In 1943 Major League Baseball has been decimated by call-ups to the armed services, leaving the ladies to step up to the plate, literally, keeping the sport alive for a nation in need of escapism. Coached by drunken ex-player Jimmy Dugan the combats the camaraderie and jealousy of the girls to lead them to success.
A quick glance at the line-up suggests what one might expect from this comedy of baseball bonding bosom buddies. Re-teaming director Penny Marshall with Big star Tom Hanks, and with a screenplay by City Slickers and Parenthood writers Lowell Ganz & Babaloo Mandel, the agenda here is clearly along the lines of good-natured vignettes, smart one-liners and a healthy dose of heartstring tugging.
And, of course, it's not really about baseball at all, being in its way a kind of Pretty Slickers about sharing fellowship, jolly repartee and a few heartaches in the context of a liberating physical challenge. It's the tale of the formation of a women's professional league during World War II, when the armed forces picked the pro teams clean, and baseball's desperate bosses looked to the farms and factories for females who could play hard ball and flash their pins for the thrill-hungry fans.
Hanks, in another gem of a comic performance, is the drunken has-been with disgusting personal habits, reluctantly coaching the Rockford Peaches from a horizontal position until their abilities startle him into animation. Meanwhile, taking the field with robust assurance, is the perfectly peachy Geena Davis as farmer's wife and formidable batter Dottie. Madonna - not too stretched as team slut "All The Way" Mae - is shown off in a jitterbug number, while more screen time is given to the sibling relationship between Davis's Dottie and Lori Petty as her overshadowed sister, the erratic pitcher Kit.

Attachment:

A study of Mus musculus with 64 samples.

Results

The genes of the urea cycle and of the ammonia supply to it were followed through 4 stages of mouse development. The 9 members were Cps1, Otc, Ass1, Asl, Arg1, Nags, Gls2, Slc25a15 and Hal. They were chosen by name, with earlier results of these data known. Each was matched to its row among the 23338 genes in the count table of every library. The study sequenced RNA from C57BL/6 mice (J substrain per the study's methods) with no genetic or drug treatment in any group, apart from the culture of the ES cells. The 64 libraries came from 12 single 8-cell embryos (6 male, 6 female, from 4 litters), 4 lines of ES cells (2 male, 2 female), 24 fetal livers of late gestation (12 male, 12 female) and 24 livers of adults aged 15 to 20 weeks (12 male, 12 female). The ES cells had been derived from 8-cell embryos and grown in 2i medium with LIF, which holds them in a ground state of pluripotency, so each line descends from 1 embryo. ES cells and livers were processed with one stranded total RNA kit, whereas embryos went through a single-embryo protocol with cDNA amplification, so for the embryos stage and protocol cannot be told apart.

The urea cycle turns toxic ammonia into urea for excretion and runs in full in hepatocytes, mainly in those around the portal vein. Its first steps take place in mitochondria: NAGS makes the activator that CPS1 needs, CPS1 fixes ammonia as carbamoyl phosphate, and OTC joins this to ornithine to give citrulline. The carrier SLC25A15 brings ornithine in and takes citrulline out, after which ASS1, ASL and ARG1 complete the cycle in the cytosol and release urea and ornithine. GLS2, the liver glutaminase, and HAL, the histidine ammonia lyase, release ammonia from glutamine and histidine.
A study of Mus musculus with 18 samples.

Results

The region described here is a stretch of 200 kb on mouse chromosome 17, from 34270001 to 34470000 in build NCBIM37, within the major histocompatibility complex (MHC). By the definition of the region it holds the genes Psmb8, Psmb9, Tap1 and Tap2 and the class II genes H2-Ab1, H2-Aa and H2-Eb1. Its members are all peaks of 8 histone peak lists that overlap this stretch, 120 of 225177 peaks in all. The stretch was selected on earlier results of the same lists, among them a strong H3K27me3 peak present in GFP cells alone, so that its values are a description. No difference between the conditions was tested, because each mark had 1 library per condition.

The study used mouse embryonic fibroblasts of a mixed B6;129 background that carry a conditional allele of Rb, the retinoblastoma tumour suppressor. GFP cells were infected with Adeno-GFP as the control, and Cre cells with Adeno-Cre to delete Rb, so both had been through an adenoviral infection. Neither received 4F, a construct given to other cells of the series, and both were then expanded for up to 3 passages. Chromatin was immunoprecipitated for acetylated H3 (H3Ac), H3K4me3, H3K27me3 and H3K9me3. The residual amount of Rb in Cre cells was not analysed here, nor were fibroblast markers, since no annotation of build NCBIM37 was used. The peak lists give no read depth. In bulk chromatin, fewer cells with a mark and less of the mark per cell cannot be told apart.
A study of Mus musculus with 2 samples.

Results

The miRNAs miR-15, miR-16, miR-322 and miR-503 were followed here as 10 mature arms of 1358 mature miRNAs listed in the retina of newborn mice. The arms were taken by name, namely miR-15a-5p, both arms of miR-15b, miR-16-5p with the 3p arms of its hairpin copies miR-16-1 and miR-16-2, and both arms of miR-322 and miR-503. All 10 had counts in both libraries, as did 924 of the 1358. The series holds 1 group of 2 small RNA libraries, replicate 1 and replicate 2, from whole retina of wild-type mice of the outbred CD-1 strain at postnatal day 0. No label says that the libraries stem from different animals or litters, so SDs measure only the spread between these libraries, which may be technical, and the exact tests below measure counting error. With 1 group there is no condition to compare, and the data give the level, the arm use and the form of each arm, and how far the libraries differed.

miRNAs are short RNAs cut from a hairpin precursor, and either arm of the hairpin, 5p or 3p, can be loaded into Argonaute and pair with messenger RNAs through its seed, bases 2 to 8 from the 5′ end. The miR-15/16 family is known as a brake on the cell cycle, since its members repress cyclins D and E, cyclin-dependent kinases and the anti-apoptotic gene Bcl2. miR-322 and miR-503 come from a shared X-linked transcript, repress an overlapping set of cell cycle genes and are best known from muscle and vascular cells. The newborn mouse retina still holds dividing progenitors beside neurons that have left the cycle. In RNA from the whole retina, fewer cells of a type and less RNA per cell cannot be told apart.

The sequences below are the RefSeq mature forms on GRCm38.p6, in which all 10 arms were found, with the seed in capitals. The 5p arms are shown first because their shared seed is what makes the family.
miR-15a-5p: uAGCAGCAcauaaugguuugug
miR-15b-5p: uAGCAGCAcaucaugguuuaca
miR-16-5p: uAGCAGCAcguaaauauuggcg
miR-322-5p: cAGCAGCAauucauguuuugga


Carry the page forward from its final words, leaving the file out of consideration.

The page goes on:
It's a mostly winning combination of sassy humour and sentiment, enlivened by some fun "newsreel" recreations that catch the period flavour of a sport adopting showbiz tactics - flirty-skirted uniforms, cheesecake stunts and skin-scraping do-or-die game plays - to attract the crowds.
And, even more refreshingly, this doesn't always take the obvious route - apart from a few overly sombre moments, like the arrival of the inevitable War Office telegram in the locker room. The cast do passable impressions of useful athletes with few indiscreet long shots of actual play to shatter the illusion, and more often than not, to quote Saturday Night Live stalwart Jon Lovitz's odious scout Gappy, "Ladies, it's been a thin slice of heaven."
More often than not, to quote Saturday Night Live stalwart Jon Lovitz's odious scout Gappy, "Ladies, it's been a thin slice of heaven."